Ryanair CEO: “People will get bored of the coronavirus”

Updated: Mar 12

Airlines around the globe have begun cancelling flights in light of the coronavirus outbreak. Ryanair, Lufthansa, IAG Group and Air France-KLM are among the worst affected, however most of them aren’t exactly worried.

Ryanair operates a fleet of only Boeing 737s. Photo by Karam Sodhi | AeroNewsX

At the A4E Aviation Summit in Brussels on Tuesday 3 March at which AeroNewsX attended, the CEOs joined together in an attempt to call out governments over their lack of action when it comes to the Single European Aviation Market. The airline bosses explained how they’ve done their part in ensuring an environmentally friendly operation and then expressed their distaste towards Europe’s air traffic system. They said the system was still the same as at least 40 years ago and that one single European sky would reduce flight times and therefore reduce emissions. The CEO of the International Airlines Group (which owns British Airways, Iberia and Aer Lingus among others), Willie Walsh, describes it as “a scandal!”

Earlier, Ryanair had publicly revealed that up to 25% of its short-haul capacity would be cut, including to markets such as Italy. In fact, Walsh expressed how customers were refusing to fly to Italy as a whole, rather than just to north Italy where the outbreak is most prominent.

There were similar figures at the Lufthansa Group, CEO Carsten Spohr added. Spohr returned to the carrier’s recent announcement explaining how short and medium haul capacity was down about 25% group-wide. On the long-haul side of things, the CEO confirmed that 23 wide-body planes were grounded and up to 60 weekly frequencies cut on services to Asia.

An Air France Boeing 777 pictured on approach to Washington. Photo by Matt Lino | AeroNewsX

Both Willie Walsh and Air France-KLM Group CEO, Benjamin Smith, admitted they had been heavily impacted by the coronavirus outbreak.

However, all airlines were optimistic about the future, something according to EasyJet CEO Johan Lundgren, is extremely important when it comes to the aviation industry. Ryanair Holdings CEO Michael O’Leary said he was “reasonably optimistic” about operations returning to normal by June, July or August at the latest.

“I think we’re going to have a very deflated booking environment probably for the next two or three weeks and then people will get bored of the coronavirus and the coverage of the coronavirus,” O’Leary explained.

The CEO continued: “I think by the time we get to June, July or August as long as things have settled down, the I think we will see a pretty massive return to normal travel patterns aided by what will be another wave of seat sales across the industry once we see demand returning to normal.”

The CEO also estimated a 10% drop in traffic for April and May but anticipates a return in demand during the summer months as temperature rises and prices drop.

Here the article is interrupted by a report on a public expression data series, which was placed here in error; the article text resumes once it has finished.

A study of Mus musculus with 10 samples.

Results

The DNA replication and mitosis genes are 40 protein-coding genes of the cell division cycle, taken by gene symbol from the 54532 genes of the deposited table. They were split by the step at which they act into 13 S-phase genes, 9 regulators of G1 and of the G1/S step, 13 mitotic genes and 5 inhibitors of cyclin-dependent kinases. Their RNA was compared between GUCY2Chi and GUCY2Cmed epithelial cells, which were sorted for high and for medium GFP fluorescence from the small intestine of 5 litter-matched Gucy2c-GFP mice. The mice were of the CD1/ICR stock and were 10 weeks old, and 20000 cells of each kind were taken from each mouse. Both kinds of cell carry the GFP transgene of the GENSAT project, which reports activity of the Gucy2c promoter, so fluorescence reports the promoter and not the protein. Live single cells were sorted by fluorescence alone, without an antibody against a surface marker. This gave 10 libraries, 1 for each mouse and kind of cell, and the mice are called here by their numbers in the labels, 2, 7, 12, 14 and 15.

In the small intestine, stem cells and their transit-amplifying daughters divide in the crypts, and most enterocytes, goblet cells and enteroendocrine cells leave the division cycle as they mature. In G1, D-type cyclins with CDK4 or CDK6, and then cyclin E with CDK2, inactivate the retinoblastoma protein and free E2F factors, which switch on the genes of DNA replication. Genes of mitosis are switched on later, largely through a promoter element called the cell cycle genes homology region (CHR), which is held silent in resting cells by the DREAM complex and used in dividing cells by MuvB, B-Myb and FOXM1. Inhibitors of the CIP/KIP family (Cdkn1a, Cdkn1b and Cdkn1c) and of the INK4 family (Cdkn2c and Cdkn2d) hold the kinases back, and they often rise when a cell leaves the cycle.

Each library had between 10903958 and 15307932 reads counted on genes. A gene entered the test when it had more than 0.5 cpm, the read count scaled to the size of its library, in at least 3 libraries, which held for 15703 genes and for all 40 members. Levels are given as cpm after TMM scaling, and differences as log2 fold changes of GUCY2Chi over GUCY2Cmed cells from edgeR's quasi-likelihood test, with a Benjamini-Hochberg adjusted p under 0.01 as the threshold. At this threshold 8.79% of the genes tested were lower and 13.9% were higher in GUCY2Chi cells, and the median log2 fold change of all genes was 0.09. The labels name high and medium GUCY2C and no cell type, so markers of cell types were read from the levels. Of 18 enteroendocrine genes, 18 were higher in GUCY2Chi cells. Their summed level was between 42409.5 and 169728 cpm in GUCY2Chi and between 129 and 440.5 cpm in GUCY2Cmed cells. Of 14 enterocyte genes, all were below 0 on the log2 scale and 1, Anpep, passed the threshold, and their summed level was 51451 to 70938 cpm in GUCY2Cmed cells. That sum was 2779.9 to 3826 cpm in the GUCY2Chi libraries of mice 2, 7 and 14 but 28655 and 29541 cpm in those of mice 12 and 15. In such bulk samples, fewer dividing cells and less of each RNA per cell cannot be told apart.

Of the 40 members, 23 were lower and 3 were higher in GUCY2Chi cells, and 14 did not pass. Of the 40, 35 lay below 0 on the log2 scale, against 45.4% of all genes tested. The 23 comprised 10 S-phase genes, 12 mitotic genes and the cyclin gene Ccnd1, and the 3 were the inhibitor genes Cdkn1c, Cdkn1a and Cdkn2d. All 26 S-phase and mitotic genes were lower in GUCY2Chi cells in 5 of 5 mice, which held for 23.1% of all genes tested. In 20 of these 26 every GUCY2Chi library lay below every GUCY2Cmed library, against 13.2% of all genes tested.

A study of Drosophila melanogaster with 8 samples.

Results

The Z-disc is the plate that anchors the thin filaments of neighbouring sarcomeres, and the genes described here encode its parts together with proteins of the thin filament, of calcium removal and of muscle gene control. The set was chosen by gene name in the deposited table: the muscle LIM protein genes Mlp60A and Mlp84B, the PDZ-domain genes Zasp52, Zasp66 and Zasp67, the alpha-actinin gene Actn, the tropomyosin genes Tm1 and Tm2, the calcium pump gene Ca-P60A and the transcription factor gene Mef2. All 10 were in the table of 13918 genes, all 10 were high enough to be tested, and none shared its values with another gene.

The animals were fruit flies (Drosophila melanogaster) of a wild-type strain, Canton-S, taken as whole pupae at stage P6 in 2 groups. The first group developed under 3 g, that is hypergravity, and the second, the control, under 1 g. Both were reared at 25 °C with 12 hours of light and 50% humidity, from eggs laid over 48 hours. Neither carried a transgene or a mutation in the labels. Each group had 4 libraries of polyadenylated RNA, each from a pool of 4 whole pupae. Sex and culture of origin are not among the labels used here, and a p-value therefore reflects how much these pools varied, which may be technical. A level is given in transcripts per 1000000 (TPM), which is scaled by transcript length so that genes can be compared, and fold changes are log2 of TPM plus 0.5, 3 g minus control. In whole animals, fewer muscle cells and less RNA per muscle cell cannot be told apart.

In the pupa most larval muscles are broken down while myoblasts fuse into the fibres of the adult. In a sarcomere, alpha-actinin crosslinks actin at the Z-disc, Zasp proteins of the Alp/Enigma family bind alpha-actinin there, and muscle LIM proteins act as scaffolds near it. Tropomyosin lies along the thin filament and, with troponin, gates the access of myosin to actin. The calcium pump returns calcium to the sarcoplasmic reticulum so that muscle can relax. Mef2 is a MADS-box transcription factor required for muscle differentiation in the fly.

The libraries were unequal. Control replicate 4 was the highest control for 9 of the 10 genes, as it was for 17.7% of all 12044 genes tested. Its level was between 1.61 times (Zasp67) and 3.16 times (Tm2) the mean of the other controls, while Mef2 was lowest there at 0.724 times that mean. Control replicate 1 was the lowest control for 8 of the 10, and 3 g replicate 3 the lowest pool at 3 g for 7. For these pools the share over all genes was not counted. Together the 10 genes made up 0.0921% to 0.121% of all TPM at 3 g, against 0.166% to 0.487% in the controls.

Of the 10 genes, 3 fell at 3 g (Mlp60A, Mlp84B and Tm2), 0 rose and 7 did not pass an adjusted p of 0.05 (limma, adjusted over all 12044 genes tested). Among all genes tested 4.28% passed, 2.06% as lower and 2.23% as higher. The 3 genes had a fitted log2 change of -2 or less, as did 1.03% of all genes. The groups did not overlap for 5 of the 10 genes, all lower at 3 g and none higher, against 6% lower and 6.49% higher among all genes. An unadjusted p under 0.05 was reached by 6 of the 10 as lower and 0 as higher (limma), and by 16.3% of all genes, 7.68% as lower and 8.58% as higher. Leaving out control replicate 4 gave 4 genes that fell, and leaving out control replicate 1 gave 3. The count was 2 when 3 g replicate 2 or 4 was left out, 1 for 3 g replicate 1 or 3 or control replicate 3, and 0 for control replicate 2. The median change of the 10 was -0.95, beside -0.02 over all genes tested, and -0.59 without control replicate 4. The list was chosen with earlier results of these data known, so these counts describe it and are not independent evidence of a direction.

Meanwhile, Lufthansa is also struggling with the CEO saying its long-haul operating is now “a major concern.” The carrier has adapted capacity, removing one third of its seats to Italy. The CEO said his expectations were in line with what O’Leary had estimated.

The International Airlines Group Chief Executive, Willie Walsh, said that “flights to and from Italy were severely impacted” by the coronavirus outbreak. However, the CEO said the industry is facing the challenge in a “proper” manner.

“This isn’t the first challenge that we’ve faced,” Walsh said.

Air France-KLM Group CEO Benjamin Smith also agreed with O’Leary’s timeline, expecting things to return to normal “by summer”.

Regarding group’s dependance on flights to China, the CEO responded: “We have other sources of traffic should that not come back.”

Government help was another big topic in terms of the coronavirus. The Lufthansa, Ryanair and IAG CEOs were adamant that government help should not be an option.

“This industry is far away from government help. We never ask for help, we ask for less burdens,” Lufthansa CEO Carsten Spohr said, referring to the airlines’ collective request for Single European skies.

Ryanair’s CEO agreed with Spohr and joked about Alitalia’s deteriorating financial condition as an explanation towards why government help would just be “an excuse”.

“The last thing we need is government intervention in this. I’m fairly sure Alitalia is in downtown Rome at the moment looking for another loan on top of the €1.4 billion they’ve already received in illegal state aid.”

Spohr also demanded that the regulations regarding airport slots were changed, at least in light of the coronavirus. He mentioned how, as a result of the significant drop in demand, many planes were flying almost empty making certain routes economically unviable. In order to retain the valuable slots at certain airports, airlines must continue to fly their aircraft whether they’re full or not.

A Lufthansa Airbus A380-800. Photo by Ernest Leung | AeroNewsX

The CEOs also expect further consolidation within the industry “over the next two to three years” according to Michael O’Leary, brought forward by the coronavirus.

Overall, the coronavirus has had a severe impact on aviation. Shares are dropping and costs have seen a sharp rise. The major airline CEOs however, expect things to return to normal by the end of the summer months at the latest, although some were still a bit doubtful.